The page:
Aspiring beer connoisseur goes from plebeian to pretentious at Switchback

I’ve heard about beer tastings for years, but it’s only recently that I was able to go on one of my own. For my first excursion into this exciting new world, I went to the Switchback Brewing Company in Burlington.

On a nice fall day with sunshine all around, two of my friends and I pulled up to the factory. Hidden on the outskirts of the city past the train tracks, it was a little hard to locate. But we persevered in our search, and eventually found it at the end of the lane.

Pulling the door open, we entered the Tasting Room, which appeared to be about half bar and half gift shop, with windows looking out onto a beer tank. The room was pretty empty, with only a few patrons at the bar and some large bearded men drinking pints in the corner.

All of a sudden, there was a rustling noise coming from near our feet. A small black dog was apparently being employed as the greeter.

Taking a seat on the corner of the bar, we were immediately given a menu of sorts, listing all of the beer on tap for tasting by a rather friendly bartender. After looking through the choices, I decided on getting the sampler: a flight of four beers, which was apparently four tiny glass goblets arranged in a line on a tray shaped like Vermont.

Now I haven’t been drinking beer for very long, so I don’t really know what I’m supposed to taste. But the flagship ale of the company, Switchback Ale, is my favorite, so on the sampler it went. My other selections were a Märzen Fest Bier, Export Stout and Thai Lime Gose.

Other than the ale, I didn’t really know what these beers were supposed to look or taste like. But this setting in this brewery seemed like just the place to find out.

I first tried the Thai Lime Gose: a pale and cloudy yellow beverage, which was fizzing slightly more than the rest. The menu made the beer sound slightly more pretentious than other beers, describing it as “our Berliner Weisse brewed with Kaffir lime leaves and French sea salt.”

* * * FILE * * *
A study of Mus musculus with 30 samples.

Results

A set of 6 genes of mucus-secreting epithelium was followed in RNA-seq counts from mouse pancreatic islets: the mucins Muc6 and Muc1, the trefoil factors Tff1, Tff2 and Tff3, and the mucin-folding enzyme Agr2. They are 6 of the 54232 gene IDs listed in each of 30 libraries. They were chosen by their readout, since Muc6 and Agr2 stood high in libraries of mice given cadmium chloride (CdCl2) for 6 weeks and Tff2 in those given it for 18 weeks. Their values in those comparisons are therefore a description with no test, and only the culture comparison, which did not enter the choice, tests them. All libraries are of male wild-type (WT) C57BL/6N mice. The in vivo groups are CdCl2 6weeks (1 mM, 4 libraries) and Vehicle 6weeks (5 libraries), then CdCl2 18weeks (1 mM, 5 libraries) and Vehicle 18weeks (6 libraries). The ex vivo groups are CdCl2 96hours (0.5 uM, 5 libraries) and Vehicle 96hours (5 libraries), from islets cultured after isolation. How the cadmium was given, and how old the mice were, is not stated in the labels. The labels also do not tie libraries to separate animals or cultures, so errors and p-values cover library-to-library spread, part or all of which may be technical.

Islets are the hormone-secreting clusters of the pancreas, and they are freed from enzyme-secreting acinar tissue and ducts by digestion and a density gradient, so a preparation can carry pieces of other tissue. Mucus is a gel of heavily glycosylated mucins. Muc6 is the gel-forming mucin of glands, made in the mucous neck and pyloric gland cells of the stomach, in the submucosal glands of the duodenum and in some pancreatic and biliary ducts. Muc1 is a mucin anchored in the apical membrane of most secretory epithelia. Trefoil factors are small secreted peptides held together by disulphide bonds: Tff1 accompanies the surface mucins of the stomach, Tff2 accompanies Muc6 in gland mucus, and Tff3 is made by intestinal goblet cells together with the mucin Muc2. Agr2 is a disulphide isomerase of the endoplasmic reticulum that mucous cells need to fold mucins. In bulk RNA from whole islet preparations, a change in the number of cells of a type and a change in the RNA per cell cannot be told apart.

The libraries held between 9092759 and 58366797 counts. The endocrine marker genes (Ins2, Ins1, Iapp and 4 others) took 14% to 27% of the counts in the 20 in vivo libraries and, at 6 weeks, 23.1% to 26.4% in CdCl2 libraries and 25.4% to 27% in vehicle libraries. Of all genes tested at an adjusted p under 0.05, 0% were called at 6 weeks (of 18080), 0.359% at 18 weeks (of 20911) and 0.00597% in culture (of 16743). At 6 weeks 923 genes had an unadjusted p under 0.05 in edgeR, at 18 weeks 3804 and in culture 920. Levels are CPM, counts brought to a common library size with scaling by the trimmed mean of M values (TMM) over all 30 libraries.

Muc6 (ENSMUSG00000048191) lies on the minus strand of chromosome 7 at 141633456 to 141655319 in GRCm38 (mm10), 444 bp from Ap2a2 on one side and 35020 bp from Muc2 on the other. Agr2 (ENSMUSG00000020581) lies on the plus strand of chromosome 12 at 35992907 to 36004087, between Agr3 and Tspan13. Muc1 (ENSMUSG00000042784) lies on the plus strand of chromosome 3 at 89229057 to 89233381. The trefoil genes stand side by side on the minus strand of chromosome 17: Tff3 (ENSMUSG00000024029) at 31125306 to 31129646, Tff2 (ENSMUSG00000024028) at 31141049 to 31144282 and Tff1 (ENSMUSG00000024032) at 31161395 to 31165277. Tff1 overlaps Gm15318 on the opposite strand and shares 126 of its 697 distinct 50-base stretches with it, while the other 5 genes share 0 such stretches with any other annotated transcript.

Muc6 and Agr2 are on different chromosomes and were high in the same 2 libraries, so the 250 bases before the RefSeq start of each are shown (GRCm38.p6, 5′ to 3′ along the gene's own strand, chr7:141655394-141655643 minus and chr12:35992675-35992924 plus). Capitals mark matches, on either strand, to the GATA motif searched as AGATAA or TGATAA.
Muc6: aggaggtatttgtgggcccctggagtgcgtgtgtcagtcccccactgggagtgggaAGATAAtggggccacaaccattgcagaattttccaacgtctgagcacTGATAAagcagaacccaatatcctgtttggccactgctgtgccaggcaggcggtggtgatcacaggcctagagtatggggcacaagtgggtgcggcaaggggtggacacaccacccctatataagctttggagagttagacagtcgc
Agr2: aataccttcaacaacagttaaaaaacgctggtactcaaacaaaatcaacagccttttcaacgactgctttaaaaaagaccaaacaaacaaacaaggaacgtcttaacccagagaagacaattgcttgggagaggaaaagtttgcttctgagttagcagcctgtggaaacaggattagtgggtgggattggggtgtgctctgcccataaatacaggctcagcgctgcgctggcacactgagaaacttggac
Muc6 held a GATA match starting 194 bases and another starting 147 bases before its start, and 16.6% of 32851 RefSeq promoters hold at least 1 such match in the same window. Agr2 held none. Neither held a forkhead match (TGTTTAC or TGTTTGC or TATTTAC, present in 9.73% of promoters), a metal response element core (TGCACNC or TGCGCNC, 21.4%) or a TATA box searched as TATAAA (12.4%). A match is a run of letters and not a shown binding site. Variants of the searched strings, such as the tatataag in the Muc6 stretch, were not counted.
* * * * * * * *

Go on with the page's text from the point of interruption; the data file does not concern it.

Whoever wrote that wasn’t lying about the lime taste. The drink tasted less like a beer and more like slightly bitter limeade, with a hint of salt. While I wouldn’t have known it was French salt I was tasting, it was nevertheless delicious.

Next up was the Export stout, resembling a large shot of espresso in a glass goblet, complete with caramel brown foam riding lightly on the top. The stout, which was a “smooth drinking stout with an early sweetness followed by a roasted chocolaty finish,” wasn’t quite what I was expecting. On first taste, I thought someone had handed me coffee, but the more time that I spent drinking it, the more I tasted.

At risk of sounding like a snob about this, it smelled like what I imagine burnt barley smells like, with a whiff of chocolate. There was taste of coffee, and obviously that of a distinctly beer-y flavor. Upon swirling it to feel fancy, it smelled of hops or, in more pedestrian terms, of pinecones.

Moving on, I went to the Märzen, which was brewed in the traditional fest beer style, and was “a wonderfully malty lager with a balanced and crisp hop character.” But honestly, it tasted like an upscale cheap beer. Like someone took a look at Budweiser and went Six-Million Dollar Man on it, saying, “We can rebuild it. We have the technology.” A clear amber, this is what a beer is really supposed to taste like, America.

My final goblet was filled with my standby, my fallback when all other beers are choices like Coors Light or PBR: Switchback Ale. Since turning 21, I have had this particular beer more times than I would care to count. But I find that it is always best from the tap, as it was at this tasting. A cloudy reddish-brown, it defies light to pass through the center. It smelled of that barley again, less burnt this time, with a hint of those hops again.

The brewery describes the ale as “our flagship – hop flavors and subtle impressions of fruit followed by a palate pleasing malty finish.” And I must say, they really nailed it with that description, although I think the subtle hints of fruit may have been wasted on me because I am still so inexperienced with this. Perhaps someone with more experience would be able to detect it better.

When I settled up at the end of my flight with the barman, my total came to an even $5, which seemed pretty cheap. I would have gladly paid more for beers of such quality, but thankfully the price was low.
I’m glad I got the chance to do this, as it has been a goal of mine for a while. With one adult activity done, it seems like it is time to find another to complete.